Annoying Morning Ritual Spawns a $165 Million Company

A few weeks ago I wrote about the effectiveness of guerrilla advertising and how that can overcome some of the more conventional limitations a start-up might have in competing for advertising space. I highlighted the sensational ad from The Dollar Shave Club that went viral in seconds and launched an empire in men’s grooming products.

Co-founder Michael Dubin (the star of this hilarious ad) conceived the idea after a conversation complaining about the inconvenience of shaving and the cost for the equipment. Before long he had secured venture capital and put the infrastructure in place. His ad went viral and business exploded. In 2014, they tripled their profits from the previous year, and have grown at an obscene rate ever since.

So. Let’s examine this for a moment. How did this phenomenon happen?

First of all, it was a great idea. By tapping into the retail industry trends of drop shipping and ordering online (Amazon, anyone?), they either created or filled a niche. Probably both. Before shave clubs even existed, ads and marketing for razors, shaving creams, and aftershaves were as ubiquitous as pharmaceutical ads and Coca-Cola. Competition was and still is fierce for grooming tools of roughly half the consumer population, so the idea of carving out even a small piece of that market is an attractive investment for anyone.

The image is stellar. Everyone knows these ads and how they satirize every facet of the shaving experience. Between buying the razors (at much more expensive prices) and the act of shaving with old blades to save money, the unconventional and hilarious message is clear. The Dollar Shave Club will make this grooming ritual easier, less expensive, and therefore tolerable. Their subscription and services include a newsletter, exclusive content on their website, and the sheer convenience of having your razors delivered to your door for cheaper than available in retailers. It’s astounding in its simplicity, and as result they have an average customer retention rate of over three years.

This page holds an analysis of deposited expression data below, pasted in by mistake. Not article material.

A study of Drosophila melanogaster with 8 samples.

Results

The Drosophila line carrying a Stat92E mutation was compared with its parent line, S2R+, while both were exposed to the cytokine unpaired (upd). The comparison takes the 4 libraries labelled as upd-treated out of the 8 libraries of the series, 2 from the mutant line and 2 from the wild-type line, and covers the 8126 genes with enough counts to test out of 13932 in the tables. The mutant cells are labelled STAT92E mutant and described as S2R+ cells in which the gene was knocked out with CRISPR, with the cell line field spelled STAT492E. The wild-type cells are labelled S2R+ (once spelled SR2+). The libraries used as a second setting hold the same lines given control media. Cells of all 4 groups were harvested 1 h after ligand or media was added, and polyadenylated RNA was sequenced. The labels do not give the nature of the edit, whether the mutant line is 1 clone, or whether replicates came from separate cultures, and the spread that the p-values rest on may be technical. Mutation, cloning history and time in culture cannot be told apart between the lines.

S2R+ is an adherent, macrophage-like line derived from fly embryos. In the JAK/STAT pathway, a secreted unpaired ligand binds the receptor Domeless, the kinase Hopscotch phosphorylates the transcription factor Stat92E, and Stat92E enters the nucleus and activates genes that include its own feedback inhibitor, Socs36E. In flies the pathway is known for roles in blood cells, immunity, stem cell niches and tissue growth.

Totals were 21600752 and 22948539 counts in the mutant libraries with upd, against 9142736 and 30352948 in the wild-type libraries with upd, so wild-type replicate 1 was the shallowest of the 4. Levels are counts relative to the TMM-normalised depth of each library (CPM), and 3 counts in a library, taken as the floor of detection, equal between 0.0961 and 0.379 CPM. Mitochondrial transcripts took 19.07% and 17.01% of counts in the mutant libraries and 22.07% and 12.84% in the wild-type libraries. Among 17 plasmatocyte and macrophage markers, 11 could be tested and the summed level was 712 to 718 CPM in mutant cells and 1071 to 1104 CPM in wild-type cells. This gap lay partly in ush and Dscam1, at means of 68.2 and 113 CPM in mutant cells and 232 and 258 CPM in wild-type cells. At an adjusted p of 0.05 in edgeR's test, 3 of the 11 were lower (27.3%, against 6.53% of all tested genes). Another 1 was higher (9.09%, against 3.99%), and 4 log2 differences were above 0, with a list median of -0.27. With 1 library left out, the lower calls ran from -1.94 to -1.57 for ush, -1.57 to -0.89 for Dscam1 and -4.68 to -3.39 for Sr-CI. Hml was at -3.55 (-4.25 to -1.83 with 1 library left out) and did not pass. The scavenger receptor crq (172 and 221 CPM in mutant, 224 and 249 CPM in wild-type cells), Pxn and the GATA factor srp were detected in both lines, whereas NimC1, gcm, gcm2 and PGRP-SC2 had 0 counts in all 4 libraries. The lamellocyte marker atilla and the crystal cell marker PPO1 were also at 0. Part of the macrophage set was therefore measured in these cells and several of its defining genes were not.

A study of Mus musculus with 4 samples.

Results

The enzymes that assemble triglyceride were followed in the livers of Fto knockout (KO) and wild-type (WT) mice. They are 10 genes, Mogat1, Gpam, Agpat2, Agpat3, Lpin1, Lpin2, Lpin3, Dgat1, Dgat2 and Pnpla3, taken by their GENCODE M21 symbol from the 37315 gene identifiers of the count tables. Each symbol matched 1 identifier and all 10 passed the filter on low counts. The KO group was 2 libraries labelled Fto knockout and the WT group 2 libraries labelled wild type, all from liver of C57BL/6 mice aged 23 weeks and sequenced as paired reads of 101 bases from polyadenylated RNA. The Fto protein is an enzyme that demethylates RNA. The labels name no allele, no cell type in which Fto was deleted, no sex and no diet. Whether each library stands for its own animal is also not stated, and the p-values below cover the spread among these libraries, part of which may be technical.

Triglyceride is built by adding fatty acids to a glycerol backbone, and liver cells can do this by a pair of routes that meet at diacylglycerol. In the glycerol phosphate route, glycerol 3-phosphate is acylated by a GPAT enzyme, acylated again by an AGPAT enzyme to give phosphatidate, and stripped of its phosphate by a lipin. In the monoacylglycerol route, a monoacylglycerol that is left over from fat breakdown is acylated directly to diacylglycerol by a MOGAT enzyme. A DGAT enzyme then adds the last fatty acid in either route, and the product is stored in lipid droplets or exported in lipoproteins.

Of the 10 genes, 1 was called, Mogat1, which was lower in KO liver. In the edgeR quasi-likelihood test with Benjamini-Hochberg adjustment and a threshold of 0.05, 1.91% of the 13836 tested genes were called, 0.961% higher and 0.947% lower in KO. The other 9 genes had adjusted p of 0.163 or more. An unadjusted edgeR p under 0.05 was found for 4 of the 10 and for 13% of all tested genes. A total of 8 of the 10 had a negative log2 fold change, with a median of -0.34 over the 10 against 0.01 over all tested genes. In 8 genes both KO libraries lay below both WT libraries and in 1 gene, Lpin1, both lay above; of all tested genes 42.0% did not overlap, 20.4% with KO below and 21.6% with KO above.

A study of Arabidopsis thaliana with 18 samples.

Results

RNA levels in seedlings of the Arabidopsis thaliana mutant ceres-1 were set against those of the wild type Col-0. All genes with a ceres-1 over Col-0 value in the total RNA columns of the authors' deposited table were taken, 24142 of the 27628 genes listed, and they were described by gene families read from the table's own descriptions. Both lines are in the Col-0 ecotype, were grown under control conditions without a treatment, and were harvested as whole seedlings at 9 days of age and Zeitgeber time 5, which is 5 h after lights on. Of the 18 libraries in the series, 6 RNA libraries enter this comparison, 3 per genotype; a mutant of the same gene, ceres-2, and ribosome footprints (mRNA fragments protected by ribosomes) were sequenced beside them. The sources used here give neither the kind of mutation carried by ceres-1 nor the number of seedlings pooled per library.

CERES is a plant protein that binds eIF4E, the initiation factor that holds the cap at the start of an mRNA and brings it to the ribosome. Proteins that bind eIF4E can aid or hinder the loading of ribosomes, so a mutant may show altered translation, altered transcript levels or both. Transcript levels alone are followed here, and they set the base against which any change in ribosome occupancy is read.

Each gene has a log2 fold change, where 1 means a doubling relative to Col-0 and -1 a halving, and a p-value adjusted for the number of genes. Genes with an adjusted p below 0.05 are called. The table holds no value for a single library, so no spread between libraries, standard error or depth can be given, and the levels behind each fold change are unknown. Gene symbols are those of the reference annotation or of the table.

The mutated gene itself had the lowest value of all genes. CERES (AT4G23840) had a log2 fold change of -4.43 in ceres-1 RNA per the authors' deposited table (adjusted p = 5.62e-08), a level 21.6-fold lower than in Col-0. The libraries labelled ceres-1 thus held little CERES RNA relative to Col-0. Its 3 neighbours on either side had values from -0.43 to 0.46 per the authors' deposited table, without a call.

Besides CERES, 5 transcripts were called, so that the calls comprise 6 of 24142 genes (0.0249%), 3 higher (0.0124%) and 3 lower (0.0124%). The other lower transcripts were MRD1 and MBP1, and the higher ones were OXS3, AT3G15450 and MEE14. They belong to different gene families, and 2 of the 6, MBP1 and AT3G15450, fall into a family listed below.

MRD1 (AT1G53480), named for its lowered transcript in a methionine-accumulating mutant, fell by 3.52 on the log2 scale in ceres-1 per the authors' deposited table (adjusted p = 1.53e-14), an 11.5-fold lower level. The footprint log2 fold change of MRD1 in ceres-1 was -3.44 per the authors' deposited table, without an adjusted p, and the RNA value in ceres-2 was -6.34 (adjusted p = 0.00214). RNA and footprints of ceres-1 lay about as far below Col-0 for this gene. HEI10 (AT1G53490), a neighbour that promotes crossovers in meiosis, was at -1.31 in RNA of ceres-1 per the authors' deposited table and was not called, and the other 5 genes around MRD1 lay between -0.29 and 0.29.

“People stick around,” Dubin said. “Obviously, the products are great, but they feel like they are a part of it. People don’t say they are subscribers, they say they are members.”

And as a result, the company is expanding into new products and securing more investment capital. The Dollar Shave Club’s worth is over $165 million and they’re still growing. After viral commercial success fueled initial expansion, they’ve moved to larger distribution centers and have kept growing. Now they’re poised to open a new facility in Columbus, OH to keep up with increasing demand. They’ve carved out a much larger market share then initially planned, leaving venture capitalists clamoring over each other to throw their lot in with them as they branch out into other products. As Dublin says, “We want to own the men’s room.” Even if there wasn’t an actual need for a razor blade subscription service, Dublin and his team created the desire to be a part of one.